Disney’s Baymax! sees everyone’s favorite inflatable healthcare companion set out to do what he was programmed to do: help others.
This new series of shorts spotlights the Big Hero 6 character in a new set of mini adventures. Baymax sets off into the heart of San Fransokyo to help as many people as he can. (Whether they want help or not.)
The series sees Scott Adsit return to voice Baymax. Maya Rudloph also reprises her role as Aunt Cass for select episodes.
A New Kind of Hero Welcomes You Back To San Fransokyo
Baymax is here, his battery is charged up, and he’s ready to welcome you back to San Fransokyo! It’s been nearly a decade since Big Hero 6 debuted in 2014. Big Hero 6 focused on superheroes, but Baymax! focuses on a different kind of hero: the healthcare worker.
Though the Baymax! series has undoubtedly been in the works at Disney for a while, there’s no denying our current climate makes this feel even more timely. Healthcare workers really are unsung heroes. And when they’re as adorable as a big inflatable marshmallow, well, that’s a win-win.
Honestly, I loved Baymax as a character in Big Hero 6, but I wasn’t sure about giving him a whole series. Could the kind-hearted comic relief carry his own show, without all the superhero action? I’m pleasantly surprised to say the answer is yes, he absolutely can!
Baymax! Is What I Want To See In Kids Media
Baymax! succeeds not just because it has an adorable, funny, and incredibly huggable-looking main character, but because of the way that character gives the series the space to deal with serious health concerns with humor and heart. Essentially, it’s jam-packed with really important lessons about health, but in a way that feels entertaining and relatable rather than preachy.
I love that Baymax! shows both kids and adults struggling with different health issues, and feeling unsure or afraid to confront those issues or get help. (In fact, the series shows Baymax helping even more adults than kids.) I think a lot of kids’ media frames problem-solving as simply a matter of “asking the adults for help,” when the reality might be that adults don’t have the answers or are even dealing with the same kinds of problems. If you’re a kid who’s scared of getting a shot, it’s actually kind of nice to see that some adults feel that way too. The messaging shift between “Be a big kid, don’t be scared, just do it” and “Grown ups are scared sometimes too, but it’s important we do this anyways” feels incredibly important.
It’s a dynamic you don’t see a lot in kids’ media. Or at least, it’s a dynamic I felt was often missing from media when I was growing up. One of my earliest media memories, still heavily ingrained in my mind, was an episode of Arthur where he injured himself playing at the dump. He wasn’t supposed to be there, so he didn’t tell his parents when he cut himself, and then the injury gets worse the longer he keeps the secret.
It’s intended to be a lesson about being honest and asking for help when you need it, especially when your wellbeing is concerned. But I remember twisting that lesson in my childhood mind, thinking if I lied to my parents I would inevitably be “punished” with some kind of injury. That if I was “good” and followed the rules, I could avoid getting hurt. Both the Baymax! series and this episode of Arthur want to encourage kids to seek help when they need it, but the approaches are a bit different.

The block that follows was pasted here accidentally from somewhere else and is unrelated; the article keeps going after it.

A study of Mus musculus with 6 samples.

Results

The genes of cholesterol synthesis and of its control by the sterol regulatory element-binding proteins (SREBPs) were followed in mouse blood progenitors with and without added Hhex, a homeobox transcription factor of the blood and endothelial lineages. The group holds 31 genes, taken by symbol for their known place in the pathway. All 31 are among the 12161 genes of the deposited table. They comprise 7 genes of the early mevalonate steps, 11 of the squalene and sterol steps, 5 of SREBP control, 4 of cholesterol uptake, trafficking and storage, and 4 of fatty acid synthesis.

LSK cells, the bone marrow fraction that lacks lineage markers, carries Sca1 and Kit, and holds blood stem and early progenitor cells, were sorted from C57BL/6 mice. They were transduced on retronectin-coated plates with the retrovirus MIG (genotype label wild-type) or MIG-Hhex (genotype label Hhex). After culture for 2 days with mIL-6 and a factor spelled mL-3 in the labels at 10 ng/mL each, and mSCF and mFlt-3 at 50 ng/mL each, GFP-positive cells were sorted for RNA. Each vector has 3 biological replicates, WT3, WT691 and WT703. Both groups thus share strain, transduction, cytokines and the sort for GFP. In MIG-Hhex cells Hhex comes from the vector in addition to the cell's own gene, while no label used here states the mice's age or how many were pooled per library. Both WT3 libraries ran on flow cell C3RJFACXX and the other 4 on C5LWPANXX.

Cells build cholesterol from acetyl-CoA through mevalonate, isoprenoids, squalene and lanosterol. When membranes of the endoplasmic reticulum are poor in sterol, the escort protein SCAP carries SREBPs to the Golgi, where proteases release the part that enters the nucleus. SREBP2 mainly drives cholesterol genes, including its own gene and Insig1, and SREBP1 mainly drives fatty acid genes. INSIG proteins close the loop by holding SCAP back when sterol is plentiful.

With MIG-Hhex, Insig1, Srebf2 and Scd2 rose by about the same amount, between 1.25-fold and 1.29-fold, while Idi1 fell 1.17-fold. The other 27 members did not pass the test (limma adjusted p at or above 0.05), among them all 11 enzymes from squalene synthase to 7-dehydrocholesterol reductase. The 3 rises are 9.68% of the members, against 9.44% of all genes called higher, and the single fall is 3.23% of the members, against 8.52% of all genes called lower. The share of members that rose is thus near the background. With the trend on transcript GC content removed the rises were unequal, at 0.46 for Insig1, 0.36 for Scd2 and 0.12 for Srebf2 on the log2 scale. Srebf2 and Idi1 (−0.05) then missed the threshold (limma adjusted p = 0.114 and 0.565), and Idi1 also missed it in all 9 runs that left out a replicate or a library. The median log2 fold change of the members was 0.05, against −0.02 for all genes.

(Also, to be clear, this is not meant as a dig of any kind to Arthur, which is an excellent kids program and essential to my childhood. Even if I still think of this darn episode every time I see the jagged-edged lid of a tin can.)
What I mean to say is Baymax! does a great job of exploring not just health issues, but of the fear and uncertainty surrounding them. In particular, the show goes to great lengths to show that these fears often have deeper roots than straightforward health concerns. For example, one of the episodes shows Baymax helping a girl who gets her first period. She’s concerned about the pain, sure. But what’s actually making her upset is the fear of how people are going to start treating her differently because of it – that she’s going to suddenly be expected to be “grown up.” Similarly, we see an episode with a man who refuses Baymax’s allergy shot because of a fear of needles. But we later learn he’s more afraid of how acknowledging his newly developed allergy will mean he has to change his life.
It’s an important lesson in the nuances of caring and compassion for kids and adults alike. For adults, it’s a reminder that kids’ feelings and fears are complex. (Is your five-year-old crying because of the physical pain of a scraped knee, or because the act of falling was scary?) For kids, it’s an acknowledgement that they can feel these things and still reach out for help. And for all of us, Baymax! is a reminder to approach others with kindness, patience, and love.
Baymax! ultimately ended up a series I didn’t know I needed. You’ll run through the six-episode season of shorts quickly, but the content will stick with you. When it comes to health, we can all benefit from a little more kindness and understanding. And Baymax is the perfect companion robot to deliver it.
Baymax! begins streaming on Disney+ June 29.